According to the report, the Police Vocational Education Centers will provide 20,000 new cadres, while Police Commander Education Centers will take 3,000 applicants and for Police Vocational High Schools, the number is 2,000.

Government has employed a total of 82,000 police since May 2014.

Director General of Public Security Selami Altınok on Dec. 12, 2017 said 22,987 police officers in Turkey have been dismissed over alleged links to the faith-based Gülen movement since the failed coup attempt.

President Recep Tayyip Erdoğan and his ruling AKP government pursued a crackdown on the Gülen movement following corruption operations in December 2013 in which the inner circle of the government and then-Prime Minister Erdoğan were implicated.

The crackdown on the movement intensified with the failed coup attempt.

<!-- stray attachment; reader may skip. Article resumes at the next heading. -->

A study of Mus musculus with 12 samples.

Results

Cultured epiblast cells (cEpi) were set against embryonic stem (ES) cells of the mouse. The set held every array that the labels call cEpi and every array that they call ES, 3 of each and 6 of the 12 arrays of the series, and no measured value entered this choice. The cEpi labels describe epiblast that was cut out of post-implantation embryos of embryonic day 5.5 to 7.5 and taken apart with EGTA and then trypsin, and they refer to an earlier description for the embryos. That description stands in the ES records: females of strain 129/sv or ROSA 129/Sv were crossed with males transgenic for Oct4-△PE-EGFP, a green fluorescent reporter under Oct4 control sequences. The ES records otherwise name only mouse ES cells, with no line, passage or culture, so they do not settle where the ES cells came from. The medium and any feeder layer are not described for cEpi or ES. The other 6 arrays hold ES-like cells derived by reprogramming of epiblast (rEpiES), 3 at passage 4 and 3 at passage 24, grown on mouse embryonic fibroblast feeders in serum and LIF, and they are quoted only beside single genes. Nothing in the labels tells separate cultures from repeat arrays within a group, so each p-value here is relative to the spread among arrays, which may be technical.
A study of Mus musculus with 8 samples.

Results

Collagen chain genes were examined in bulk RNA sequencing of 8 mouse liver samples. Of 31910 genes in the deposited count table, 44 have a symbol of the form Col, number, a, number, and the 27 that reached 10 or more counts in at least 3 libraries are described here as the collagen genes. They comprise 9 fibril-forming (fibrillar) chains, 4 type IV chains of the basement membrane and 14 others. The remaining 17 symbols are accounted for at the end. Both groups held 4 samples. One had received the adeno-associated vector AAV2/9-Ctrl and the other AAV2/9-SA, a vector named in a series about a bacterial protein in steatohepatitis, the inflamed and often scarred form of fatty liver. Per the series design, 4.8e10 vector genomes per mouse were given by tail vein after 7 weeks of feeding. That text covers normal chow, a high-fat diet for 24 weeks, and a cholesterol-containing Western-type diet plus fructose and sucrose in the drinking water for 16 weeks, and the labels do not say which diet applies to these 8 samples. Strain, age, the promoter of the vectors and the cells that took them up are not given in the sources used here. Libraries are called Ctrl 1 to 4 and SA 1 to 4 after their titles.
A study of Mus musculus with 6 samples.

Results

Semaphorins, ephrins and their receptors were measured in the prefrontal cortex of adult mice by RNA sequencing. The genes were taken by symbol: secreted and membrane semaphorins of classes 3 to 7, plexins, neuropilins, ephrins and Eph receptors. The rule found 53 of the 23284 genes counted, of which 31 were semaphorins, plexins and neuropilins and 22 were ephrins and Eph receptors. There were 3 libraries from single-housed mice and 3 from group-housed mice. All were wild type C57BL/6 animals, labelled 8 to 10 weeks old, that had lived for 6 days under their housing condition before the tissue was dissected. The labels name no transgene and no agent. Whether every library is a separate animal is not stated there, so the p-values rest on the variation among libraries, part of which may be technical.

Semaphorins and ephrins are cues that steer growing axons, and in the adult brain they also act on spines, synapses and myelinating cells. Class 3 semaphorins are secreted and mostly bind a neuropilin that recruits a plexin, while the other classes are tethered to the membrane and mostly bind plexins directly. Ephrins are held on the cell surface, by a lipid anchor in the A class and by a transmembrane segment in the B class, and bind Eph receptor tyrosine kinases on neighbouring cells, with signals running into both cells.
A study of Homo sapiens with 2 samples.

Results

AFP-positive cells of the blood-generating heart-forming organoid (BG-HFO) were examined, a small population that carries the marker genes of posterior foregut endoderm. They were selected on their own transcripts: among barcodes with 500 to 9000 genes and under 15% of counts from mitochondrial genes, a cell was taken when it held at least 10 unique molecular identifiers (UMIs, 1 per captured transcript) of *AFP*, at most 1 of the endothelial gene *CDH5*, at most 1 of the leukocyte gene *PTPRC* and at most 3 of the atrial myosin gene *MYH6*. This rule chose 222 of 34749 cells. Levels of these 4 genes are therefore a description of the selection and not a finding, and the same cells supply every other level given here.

Despite the movement strongly denying involvement in the failed coup, Erdoğan launched a witch-hunt targeting the movement following the putsch.

The ruling AKP government dismissed 24,977 military members including 150 generals, 4,630 officers, 2,167 noncommissioned officers, 1,210 specialized sergeants, 411 civil servants and workers, and 16,409 cadets following the failed coup over alleged links to the Gülen movement.

Defense Minister Nurettin Canikli on April 18 said the government has identified 3,000 active duty military officers suspected of links to the Gülen movement and that they would be dismissed with a government decree in the coming days.

“If it was a coup perpetrated by the Gülen movement and 25,000 military personnel and 22,987 police officers were dismissed for their connections to the movement, why did only 8,651 military members including cadets and privates participate in the coup?” is a question being asked by critics.

The government has been at the center of criticism for turning the Turkish army and police into political Islamist security forces in line with the wishes of President Erdoğan.

Last week, the National Police Department established a special operations unit to serve at Erdoğan’s lavish presidential palace in Ankara.